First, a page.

Wednesday, September 21, 2005

I am back

I am back. Sorry I was gone so long. During my respite on this blog, I saw several interesting things.

I saw "Whistler: Art for Art's Sake", a truck that was caught on fire, and a rear axel of an 18-wheeler in the middle of the I-55 bridge over the Mississippi river.

I also read this article today: Hurricane Watch for Real Estate. I am wary of anyone saying there is a housing bubble and that is going to burst.

"To top it off, we are hardly preparing ourselves for the inevitable category 4 or 5 hurricane when housing prices do come down. Just ask those who actually lived through the stock market crash of 1987 and the ensuing savings and loans debacle, which caused a real estate depression in the early 1990s. Memo to those who didn't own property then: prices went down, not up."

Housing is fundamentally different than other investments because you live in it. I also have read numbers that say prices stayed level, but did not go down. Now they could have stayed level - not counting inflation, which means the "real" value dropped. So I do not know whose numbers are correct.

The magnitude of Katrina will certainly be felt, though claiming that it can begin a housing bust might be a little extreme. Though if you are thinking about buying a house, you could try to catch the housing market when it is down. It would seem that if you believed that a housing bubble was imminent, it could be worth they money to wait 2 years before buying a house in some cases.

The money that is lost is the money spent on rent and the money lost on a higher interest rate.

The money saved would be the value you saved on the house and the money saved on a lower interest rate (You had more money to put down on the house, so you got a lower interest rate.)

If the housing bubble was a sure thing, that could be a smart strategy to try.


1 comment:

transientforeigner said...

I read something a while ago and the post reminded me about it. Greenspan had commented on the cooling of the housing market before Katrina was of serious concern.

"The housing boom will inevitably simmer down," Greenspan said. "As part of that process, house turnover will decline from currently historic levels, while home price increases will slow and prices could even decrease."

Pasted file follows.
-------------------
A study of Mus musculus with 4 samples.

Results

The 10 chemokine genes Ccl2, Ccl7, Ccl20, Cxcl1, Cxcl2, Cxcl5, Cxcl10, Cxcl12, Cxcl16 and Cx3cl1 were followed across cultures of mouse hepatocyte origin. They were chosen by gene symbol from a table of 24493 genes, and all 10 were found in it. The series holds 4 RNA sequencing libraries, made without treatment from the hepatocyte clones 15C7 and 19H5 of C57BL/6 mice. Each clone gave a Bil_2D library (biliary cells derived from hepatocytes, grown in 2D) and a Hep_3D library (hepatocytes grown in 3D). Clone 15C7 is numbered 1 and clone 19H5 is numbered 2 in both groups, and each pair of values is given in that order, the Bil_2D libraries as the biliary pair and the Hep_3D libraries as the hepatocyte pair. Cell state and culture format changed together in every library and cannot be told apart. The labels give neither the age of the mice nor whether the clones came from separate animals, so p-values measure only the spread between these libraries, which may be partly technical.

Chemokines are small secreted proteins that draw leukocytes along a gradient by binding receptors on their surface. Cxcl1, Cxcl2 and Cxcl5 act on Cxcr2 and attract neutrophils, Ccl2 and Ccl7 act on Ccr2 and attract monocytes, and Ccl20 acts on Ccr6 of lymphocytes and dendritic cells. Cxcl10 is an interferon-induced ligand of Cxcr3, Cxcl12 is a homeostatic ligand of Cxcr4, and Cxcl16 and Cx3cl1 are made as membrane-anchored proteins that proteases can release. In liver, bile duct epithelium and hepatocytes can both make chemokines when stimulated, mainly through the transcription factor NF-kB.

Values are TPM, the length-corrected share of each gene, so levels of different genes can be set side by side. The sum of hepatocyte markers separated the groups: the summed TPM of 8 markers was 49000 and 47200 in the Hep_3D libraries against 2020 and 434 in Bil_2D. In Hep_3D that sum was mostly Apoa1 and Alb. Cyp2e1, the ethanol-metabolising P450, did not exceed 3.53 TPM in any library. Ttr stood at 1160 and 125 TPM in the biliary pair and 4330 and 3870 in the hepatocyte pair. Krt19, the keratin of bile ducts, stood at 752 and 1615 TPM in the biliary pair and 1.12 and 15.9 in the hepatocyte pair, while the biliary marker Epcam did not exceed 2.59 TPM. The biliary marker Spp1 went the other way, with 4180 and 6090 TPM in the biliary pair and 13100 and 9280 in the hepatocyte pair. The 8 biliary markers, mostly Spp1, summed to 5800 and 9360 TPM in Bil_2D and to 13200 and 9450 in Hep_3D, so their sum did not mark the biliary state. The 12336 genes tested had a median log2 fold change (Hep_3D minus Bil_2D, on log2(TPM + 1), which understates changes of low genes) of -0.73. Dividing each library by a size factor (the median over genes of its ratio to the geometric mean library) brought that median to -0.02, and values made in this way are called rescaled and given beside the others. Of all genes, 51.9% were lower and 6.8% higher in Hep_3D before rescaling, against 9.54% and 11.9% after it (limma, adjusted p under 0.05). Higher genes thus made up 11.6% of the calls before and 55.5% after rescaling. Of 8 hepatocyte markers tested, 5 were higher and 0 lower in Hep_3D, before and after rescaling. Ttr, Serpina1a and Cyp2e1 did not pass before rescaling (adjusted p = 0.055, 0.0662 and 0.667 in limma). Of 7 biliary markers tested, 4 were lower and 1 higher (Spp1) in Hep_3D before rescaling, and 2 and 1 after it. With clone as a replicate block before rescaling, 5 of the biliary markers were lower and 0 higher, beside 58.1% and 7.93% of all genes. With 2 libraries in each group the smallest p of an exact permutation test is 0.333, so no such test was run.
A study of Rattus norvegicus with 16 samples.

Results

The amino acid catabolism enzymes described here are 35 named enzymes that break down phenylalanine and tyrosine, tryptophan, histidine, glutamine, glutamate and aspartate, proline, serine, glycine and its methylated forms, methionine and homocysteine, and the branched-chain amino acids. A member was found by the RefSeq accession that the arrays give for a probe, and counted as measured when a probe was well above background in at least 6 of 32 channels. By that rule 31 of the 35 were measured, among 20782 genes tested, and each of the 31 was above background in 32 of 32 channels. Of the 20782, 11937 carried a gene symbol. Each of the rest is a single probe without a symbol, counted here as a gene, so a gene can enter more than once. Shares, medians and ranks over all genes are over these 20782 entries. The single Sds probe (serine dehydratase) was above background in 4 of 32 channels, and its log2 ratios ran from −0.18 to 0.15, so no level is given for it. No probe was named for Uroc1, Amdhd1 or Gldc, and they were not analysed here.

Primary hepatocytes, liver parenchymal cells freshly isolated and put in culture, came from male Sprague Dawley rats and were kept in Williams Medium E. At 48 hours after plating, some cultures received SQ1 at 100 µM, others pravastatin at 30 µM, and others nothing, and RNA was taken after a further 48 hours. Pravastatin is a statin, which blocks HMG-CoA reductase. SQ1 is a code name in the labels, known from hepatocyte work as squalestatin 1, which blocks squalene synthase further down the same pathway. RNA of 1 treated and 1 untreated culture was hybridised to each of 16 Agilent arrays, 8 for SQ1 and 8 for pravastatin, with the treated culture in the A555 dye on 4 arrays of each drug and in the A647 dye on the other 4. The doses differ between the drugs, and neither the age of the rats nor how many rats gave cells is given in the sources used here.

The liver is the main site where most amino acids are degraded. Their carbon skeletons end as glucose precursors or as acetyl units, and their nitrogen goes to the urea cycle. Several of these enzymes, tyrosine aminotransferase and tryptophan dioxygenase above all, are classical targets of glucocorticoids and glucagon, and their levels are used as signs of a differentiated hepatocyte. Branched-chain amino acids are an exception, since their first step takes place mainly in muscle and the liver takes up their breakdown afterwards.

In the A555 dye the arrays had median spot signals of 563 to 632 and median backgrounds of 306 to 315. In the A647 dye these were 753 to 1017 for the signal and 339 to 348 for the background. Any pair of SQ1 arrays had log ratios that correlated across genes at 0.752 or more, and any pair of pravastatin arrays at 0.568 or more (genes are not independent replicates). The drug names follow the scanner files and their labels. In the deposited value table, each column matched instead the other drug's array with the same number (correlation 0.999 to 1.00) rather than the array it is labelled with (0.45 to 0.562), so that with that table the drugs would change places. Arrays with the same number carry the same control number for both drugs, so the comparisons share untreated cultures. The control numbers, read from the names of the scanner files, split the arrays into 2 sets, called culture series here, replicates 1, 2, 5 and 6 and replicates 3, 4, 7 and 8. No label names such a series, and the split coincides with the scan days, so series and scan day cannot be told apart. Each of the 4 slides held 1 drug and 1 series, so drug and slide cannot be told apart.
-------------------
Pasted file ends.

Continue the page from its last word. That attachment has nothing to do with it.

A day earlier, he cautioned the public against thinking the value of homes and other investments will only go higher. "History has not dealt kindly" with that kind of optimism, he said.

If house prices fell suddenly or if interest rates rose quickly, it could clobber homeowners and lenders.

Rising prices have helped make many people feel wealthier and thus more inclined to spend. Consumer spending accounts for roughly two-thirds of all economic activity.

Greenspan said people taking cash out of their homes through refinancing, selling or other financial arrangements will ease along with "some of the strength" in consumer spending. The estimates of how much consumer spending will ease differ widely, he said.

An end to the housing boom and a moderation in consumer spending, however, could have a silver lining, Greenspan said.

It could lead to a boost in the personal savings rate, now dismally low, and could curb the public's insatiable appetite for foreign-made goods, helping to narrow the country's trade deficit, he said.

It seems as though there are several variables specific to New Orleans: Whether or not people decide to come back, whether or not they rebuild in dangerous, low-lying areas (9th ward) and what role government officials will have in the reconstruction process. I have heard concerns over land devaluations, primarily in that it could result in the disappearance of the low income housing available to the massive number of impoverished in New Orleans. None of this is really meant to be any sort of a prediction, just some comments.